Please Note: This article is written for users of the following Microsoft Excel versions: 2007, 2010, 2013, 2016, 2019, and Excel in Office 365. If you are using an earlier version (Excel 2003 or earlier), this tip may not work for you. For a version of this tip written specifically for earlier versions of Excel, click here: Taking Pictures.

Taking Pictures

by Allen Wyatt
(last updated March 24, 2018)

10

Excel allows you to capture "pictures" of your worksheets that you can use in other worksheets. This may sound odd, but it is quite helpful at times. You capture pictures by using the Camera tool. This tool is not available on the various Excel ribbons; you need to add it to the Quick Access toolbar using the techniques covered in other issues of ExcelTips.

With the Camera tool in place, follow these steps:

  1. Select the cells or range of which you want a picture taken.
  2. Click on the Camera tool (the one added to the Quick Access toolbar). The mouse pointer changes to a large plus sign.
  3. Change to a different worksheet.
  4. Click where you want the top left-hand corner of the picture to appear. The picture is inserted as a graphic on the worksheet.

Now you can manipulate the picture the same as you would any other graphic—stretch it, resize it, crop it, move it, or whatever. The really cool thing, however, is that the picture is dynamic. This means that if you change the information in the original range (that you selected in step 1), then the information in the picture changes as well.

ExcelTips is your source for cost-effective Microsoft Excel training. This tip (8111) applies to Microsoft Excel 2007, 2010, 2013, 2016, 2019, and Excel in Office 365. You can find a version of this tip for the older menu interface of Excel here: Taking Pictures.

Author Bio

Allen Wyatt

With more than 50 non-fiction books and numerous magazine articles to his credit, Allen Wyatt is an internationally recognized author. He is president of Sharon Parq Associates, a computer and publishing services company. ...



2020-10-12 09:51:15

Nick From London

Dustin Yes
Crate a table
Put the Part Numbers in Column A in Numerical order and the pictures 1 per cell in Column B Put the Row No in C and any description in D

Highlight them all and give the range a name eg Parts

Use the Camera where you want the picture and photo one of the cells.

Create the following ranges with these Values
Range Name Value
PictureCell ="$B$" & FIXED((VLOOKUP(Part_No,Parts,3,-1)),0) *
PictureRef =INDIRECT(PictureCell)
Part_No cell with part no in it.
Parts as above

*You may need to put a sheet name in the definition of PictureCell range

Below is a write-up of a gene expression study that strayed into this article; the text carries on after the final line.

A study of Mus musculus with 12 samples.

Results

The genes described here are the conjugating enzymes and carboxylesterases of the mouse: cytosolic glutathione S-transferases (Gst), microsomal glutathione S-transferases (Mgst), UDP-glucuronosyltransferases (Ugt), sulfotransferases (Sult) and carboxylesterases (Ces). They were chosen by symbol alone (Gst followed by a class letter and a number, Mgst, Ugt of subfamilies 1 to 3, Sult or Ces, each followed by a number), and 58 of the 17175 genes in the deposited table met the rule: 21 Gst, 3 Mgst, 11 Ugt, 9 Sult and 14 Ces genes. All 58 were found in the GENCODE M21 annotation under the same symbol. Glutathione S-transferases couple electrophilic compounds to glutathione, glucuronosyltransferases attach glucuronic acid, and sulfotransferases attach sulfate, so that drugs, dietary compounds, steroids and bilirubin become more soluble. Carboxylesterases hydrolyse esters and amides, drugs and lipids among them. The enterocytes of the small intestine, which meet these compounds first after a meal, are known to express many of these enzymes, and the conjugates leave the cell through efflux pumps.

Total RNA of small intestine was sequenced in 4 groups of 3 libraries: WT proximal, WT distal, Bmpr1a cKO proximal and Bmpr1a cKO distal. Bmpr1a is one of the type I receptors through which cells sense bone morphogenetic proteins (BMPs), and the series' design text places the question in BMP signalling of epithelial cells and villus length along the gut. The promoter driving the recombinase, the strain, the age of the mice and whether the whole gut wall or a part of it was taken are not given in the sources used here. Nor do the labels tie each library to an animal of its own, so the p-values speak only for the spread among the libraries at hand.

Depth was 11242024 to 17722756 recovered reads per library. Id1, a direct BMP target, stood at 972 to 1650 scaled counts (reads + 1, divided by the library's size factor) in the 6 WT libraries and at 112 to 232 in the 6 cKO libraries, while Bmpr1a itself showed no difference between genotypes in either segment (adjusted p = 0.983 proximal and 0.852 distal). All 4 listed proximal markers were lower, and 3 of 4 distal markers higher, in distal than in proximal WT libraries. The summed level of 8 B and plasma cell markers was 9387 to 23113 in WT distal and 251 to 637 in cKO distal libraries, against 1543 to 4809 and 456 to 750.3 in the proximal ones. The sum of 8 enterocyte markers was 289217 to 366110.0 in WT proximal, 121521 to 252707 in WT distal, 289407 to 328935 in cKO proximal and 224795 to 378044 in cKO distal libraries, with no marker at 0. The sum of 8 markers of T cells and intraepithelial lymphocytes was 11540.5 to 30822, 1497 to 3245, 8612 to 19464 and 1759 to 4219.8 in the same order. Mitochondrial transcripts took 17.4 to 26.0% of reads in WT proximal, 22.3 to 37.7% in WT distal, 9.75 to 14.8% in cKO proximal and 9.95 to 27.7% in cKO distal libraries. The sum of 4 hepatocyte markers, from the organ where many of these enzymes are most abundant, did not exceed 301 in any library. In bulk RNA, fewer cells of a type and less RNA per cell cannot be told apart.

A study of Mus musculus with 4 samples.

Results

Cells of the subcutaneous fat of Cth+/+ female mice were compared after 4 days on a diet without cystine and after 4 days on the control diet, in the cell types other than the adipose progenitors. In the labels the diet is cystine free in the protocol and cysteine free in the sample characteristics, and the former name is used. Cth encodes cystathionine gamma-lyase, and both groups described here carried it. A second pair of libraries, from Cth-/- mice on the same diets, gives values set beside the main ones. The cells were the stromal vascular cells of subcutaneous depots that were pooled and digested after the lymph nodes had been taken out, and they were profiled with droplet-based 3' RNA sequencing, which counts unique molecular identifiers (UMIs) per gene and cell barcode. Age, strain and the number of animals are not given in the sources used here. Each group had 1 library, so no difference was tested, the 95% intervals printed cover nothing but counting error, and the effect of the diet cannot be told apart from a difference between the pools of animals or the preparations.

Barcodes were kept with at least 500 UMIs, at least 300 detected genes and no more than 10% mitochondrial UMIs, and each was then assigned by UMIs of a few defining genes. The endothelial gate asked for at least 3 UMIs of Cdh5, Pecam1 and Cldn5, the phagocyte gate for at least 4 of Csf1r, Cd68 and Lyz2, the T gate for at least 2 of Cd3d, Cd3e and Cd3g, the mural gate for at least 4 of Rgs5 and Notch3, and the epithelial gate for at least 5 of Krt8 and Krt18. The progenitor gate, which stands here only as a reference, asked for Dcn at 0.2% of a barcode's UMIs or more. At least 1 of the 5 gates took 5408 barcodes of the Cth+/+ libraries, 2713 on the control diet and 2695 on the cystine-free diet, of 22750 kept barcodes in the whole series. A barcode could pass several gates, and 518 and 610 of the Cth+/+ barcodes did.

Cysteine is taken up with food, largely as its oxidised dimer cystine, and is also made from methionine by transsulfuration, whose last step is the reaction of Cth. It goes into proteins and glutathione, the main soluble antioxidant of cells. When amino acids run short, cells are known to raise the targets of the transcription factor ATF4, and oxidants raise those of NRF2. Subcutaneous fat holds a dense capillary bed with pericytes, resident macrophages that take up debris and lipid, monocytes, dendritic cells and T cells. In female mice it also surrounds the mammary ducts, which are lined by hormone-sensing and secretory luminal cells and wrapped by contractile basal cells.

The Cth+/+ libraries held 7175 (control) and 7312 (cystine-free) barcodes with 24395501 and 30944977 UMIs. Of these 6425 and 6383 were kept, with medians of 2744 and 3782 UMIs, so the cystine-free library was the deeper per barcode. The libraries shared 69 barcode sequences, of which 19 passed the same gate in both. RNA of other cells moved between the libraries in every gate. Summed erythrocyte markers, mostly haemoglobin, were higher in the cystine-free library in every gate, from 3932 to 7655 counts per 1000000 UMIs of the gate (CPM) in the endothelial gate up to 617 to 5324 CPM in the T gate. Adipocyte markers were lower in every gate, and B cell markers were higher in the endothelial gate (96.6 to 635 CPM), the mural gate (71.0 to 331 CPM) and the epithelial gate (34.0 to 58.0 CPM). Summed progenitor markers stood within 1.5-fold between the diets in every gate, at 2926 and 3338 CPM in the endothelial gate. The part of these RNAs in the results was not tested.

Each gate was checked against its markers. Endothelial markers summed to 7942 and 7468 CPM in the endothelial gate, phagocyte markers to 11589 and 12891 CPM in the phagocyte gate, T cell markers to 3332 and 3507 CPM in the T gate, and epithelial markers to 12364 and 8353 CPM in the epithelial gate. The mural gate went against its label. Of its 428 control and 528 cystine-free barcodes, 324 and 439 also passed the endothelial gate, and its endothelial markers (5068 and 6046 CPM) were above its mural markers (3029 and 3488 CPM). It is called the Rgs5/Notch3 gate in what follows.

Click on the Picture drawn with the Camera and change the Formula to "= PictureRef "

Then changing the Part No should change the picture.

Good Luck
(see Figure 1 below)

Figure 1. Print out of example sheet.


2020-10-11 18:49:23

Dustin in suburbs

Is there way to have a dynamic picture work in conjunction with vlookup.
I have a sheet that is used to make labels and pulls from a “DATA” sheet. I would like the picture to change based the reference cell. If I enter 159 in A4, cell f7 would display the picture for part 159 etc.


2020-10-01 08:13:28

Nick From London

Hi

The camera tool provides a picture of cells that changes when the content of the cell changes.

The picture content is a range so by editing it to a named range and as named ranges are formulae you can control what is being shown.

This is different from using Snip It or similar that takes a one time picture.

Hope this helps.

Nick


2020-10-01 08:12:22

Nick From London

Hi

The picture tool provides a picture of cells that changes when the content of the cell changes.

The picture content is a range so by editing it to a Named range and as named ranges are formulae you can control what is being shown.

This is different from using Snip It or similar that takes a one time picture.

Hope this helps.

Nick


2020-09-25 04:55:41

Kiwerry

Assign a macro:
After you have created a picture, the context menu for the picture includes the "Assign macro..." option, so that you can easily create a control which will run a macro and which will dynamically respond to changes in the source. Another advantage over using traditional buttons is that you don't have to change in and out of Design Mode to change it.


2018-03-29 05:46:18

Nick from Londom

I have used the camera tool with a table of different diagrams 1 per cell in a hidden worksheet. Then by manipulating the camera source range I can change the diagram depending on a value in a cell.



2018-03-27 08:22:15

Allen Cody

Also if the worksheet is password protected against changes the camera tool won't work. At least it didn't for me.


2018-03-26 05:08:21

Henry Arthur

Ben, I agree that 'Snippet' is easier if you want a fixed snapshot, but it doesn't take an interactive 'picture'. As Allen mentioned above, the picture is dynamic.


2018-03-24 12:57:17

Allen Cody

I do a lot of cutting and pasting of Excel worksheets and tables into MS Word. A simple technique is to highlight the area (cells) of the worksheet you want to paste into Word, then do a past option as a picture (metafile).


2018-03-24 09:38:34

Ben amer

Thank you for sharing,..
Can't we use Snippt Tool .. And bypass the all that steps?